How to Keep History

Last semester (Fall 2010), I had the opportunity to study in Washington, DC through William & Mary.  During my time there, I visited the National Archives and the Library of Congress archive building in Culpepper, VA.  There, we learned of the challenge of archiving and the constant innovation in technology.  For example, the Library of Congress told us that they had just purchased all Tweets, meaning they would house all Tweets ever Tweeted(?) in the Library.  To me, this seemed absurd, why would you want meaningless statements in 140 words or less? Especially given the universality of Twitter, that any Joe Schmo could tweet something and have it saved for posterity.  But it’s clear that with all the advances in technology over the past 20 years, archivists are meeting the challenge of appraisal head-on.  The only problem, well not the only problem, but one of the problems that sticks out to me is the culture divide.  Technology has advanced at a higher rate over the past two decades than ever before.  While this can be very beneficial for society, it also leaves some older generations in the dust.  Archivists who went to school in the 1960s or 70s may be less likely to be aware of things like Facebook, Twitter, or any other social media sites.  Therefore, archivists have the double duty of taking care of history as well as keeping up with the present, and that can be hard!  Even I have trouble with Facebook and I absolutely REFUSE to get a Twitter.  Don’t even get me started on texting!  But because these media get used so heavily by our generation, archivists have to re-orient there way of preserving history for posterity.  Instead of preserving letters of correspondence, they’ll be saving texts that don’t even have real words in them! How sad.  Anyway, I digress.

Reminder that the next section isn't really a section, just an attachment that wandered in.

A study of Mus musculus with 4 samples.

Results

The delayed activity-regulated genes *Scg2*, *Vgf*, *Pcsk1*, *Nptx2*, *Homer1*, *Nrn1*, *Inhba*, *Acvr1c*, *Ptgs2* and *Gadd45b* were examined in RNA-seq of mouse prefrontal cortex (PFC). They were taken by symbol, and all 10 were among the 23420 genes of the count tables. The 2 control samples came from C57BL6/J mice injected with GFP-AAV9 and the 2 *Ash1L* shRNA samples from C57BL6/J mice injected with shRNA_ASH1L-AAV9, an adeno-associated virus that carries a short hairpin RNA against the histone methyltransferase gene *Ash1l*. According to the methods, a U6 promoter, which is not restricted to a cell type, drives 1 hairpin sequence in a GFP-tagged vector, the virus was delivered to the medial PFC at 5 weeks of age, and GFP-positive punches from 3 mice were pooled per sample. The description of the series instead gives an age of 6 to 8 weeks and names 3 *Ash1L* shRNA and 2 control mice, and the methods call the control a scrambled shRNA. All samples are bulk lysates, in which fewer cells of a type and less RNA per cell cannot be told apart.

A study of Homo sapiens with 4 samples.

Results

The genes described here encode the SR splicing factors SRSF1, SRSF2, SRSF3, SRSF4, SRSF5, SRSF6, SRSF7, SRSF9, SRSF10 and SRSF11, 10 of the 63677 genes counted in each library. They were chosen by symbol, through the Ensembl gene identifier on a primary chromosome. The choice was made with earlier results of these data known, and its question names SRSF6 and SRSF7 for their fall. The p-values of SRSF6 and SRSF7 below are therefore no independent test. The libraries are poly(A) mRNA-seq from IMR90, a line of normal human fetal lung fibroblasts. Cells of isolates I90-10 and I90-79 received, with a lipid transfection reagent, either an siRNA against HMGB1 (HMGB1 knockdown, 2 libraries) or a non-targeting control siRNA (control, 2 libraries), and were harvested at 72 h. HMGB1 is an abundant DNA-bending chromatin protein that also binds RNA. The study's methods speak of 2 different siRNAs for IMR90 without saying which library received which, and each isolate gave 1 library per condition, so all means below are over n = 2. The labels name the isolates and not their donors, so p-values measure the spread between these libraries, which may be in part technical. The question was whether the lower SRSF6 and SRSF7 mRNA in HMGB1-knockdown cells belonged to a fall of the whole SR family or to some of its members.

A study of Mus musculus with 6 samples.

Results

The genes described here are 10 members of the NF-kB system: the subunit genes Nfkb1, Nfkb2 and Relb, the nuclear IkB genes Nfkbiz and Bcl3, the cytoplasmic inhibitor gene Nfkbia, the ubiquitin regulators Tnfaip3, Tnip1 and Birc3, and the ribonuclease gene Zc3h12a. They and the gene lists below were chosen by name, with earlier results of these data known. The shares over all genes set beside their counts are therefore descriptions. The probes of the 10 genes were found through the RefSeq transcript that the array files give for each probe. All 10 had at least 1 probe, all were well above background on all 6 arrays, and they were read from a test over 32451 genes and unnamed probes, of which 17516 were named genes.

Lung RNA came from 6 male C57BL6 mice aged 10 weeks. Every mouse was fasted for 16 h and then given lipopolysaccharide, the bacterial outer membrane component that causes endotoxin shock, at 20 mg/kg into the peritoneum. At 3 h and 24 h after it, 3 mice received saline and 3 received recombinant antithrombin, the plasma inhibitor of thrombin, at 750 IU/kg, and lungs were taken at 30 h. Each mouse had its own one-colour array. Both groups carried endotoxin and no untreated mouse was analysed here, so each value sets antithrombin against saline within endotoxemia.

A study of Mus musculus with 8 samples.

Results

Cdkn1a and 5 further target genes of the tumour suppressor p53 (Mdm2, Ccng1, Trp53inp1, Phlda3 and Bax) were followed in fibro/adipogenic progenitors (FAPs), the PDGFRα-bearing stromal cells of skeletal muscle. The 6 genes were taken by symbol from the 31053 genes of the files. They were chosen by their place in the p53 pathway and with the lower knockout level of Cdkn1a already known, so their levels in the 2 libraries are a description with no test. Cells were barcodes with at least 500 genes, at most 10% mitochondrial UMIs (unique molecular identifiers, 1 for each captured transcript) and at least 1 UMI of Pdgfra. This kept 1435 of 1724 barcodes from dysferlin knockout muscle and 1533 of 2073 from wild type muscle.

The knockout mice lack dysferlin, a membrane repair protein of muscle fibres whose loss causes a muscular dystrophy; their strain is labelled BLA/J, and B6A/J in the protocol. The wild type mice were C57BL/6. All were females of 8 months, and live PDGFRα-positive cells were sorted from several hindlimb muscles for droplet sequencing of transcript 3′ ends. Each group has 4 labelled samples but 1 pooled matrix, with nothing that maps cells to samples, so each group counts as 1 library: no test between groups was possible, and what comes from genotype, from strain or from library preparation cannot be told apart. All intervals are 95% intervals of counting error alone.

The reading we did this week was from a book by John Ridener on the study of archival theory.  The first part of the reading opens with a quote from George Orwell: “Who controls the past controls the future; who controls the present controls the past.” [and the future!] –George Orwell.  The second part of the quote in brackets is my addition.  I fully believe that whoever is controlling how we preserve our present and our past, controls our future in the sense that, whatever is preserved and however it is preserved, determines future society’s interpretation of history.  Whenever I am studying history or reading a historical document, I keep a healthy dose of skepticism in mind.  To me, even primary documents are skewed but that’s because they are in the perspective of one person.  History is subjective.  How we interpret events in the present, determine how we shape that event as a historical one for the future.

Ridener says, “The often-contentious disagreement regarding if and how archivists should select material to become part of archives is the key to understanding the many discourses of archival theory” (Ridener 3).  I agree.  If it were up to me, we would save everything.  It’s impossible to say what did and did not have an impact on our culture.  However, I understand that choosing what to save is vital and can be quite difficult.  That’s Williamsburg Documentary Project is so important.  We study the history of a small town and write down and record memories that may have otherwise been lost with the passage of time.  Colonial Williamsburg is in the business of re-creating history from three or four hundred years ago.  As far as I know, no one besides us is taking the time to record life in Williamsburg after the colonial time period.  And really, Williamsburg’s history is just important as any other history, because everything that happened here, shaped the present state of the town, and that’s what we need to preserve.


The Williamsburg Documentary Project (WDP) strives to collect and preserve the rich past of Williamsburg, Virginia. By conducting oral history interviews, building physical and digital archives, and creating online exhibits, the WDP interprets Williamsburg’s recent past. The WDP works towards developing a better understanding of Williamsburg by bringing together individuals, local groups, Colonial Williamsburg, and the College of William & Mary.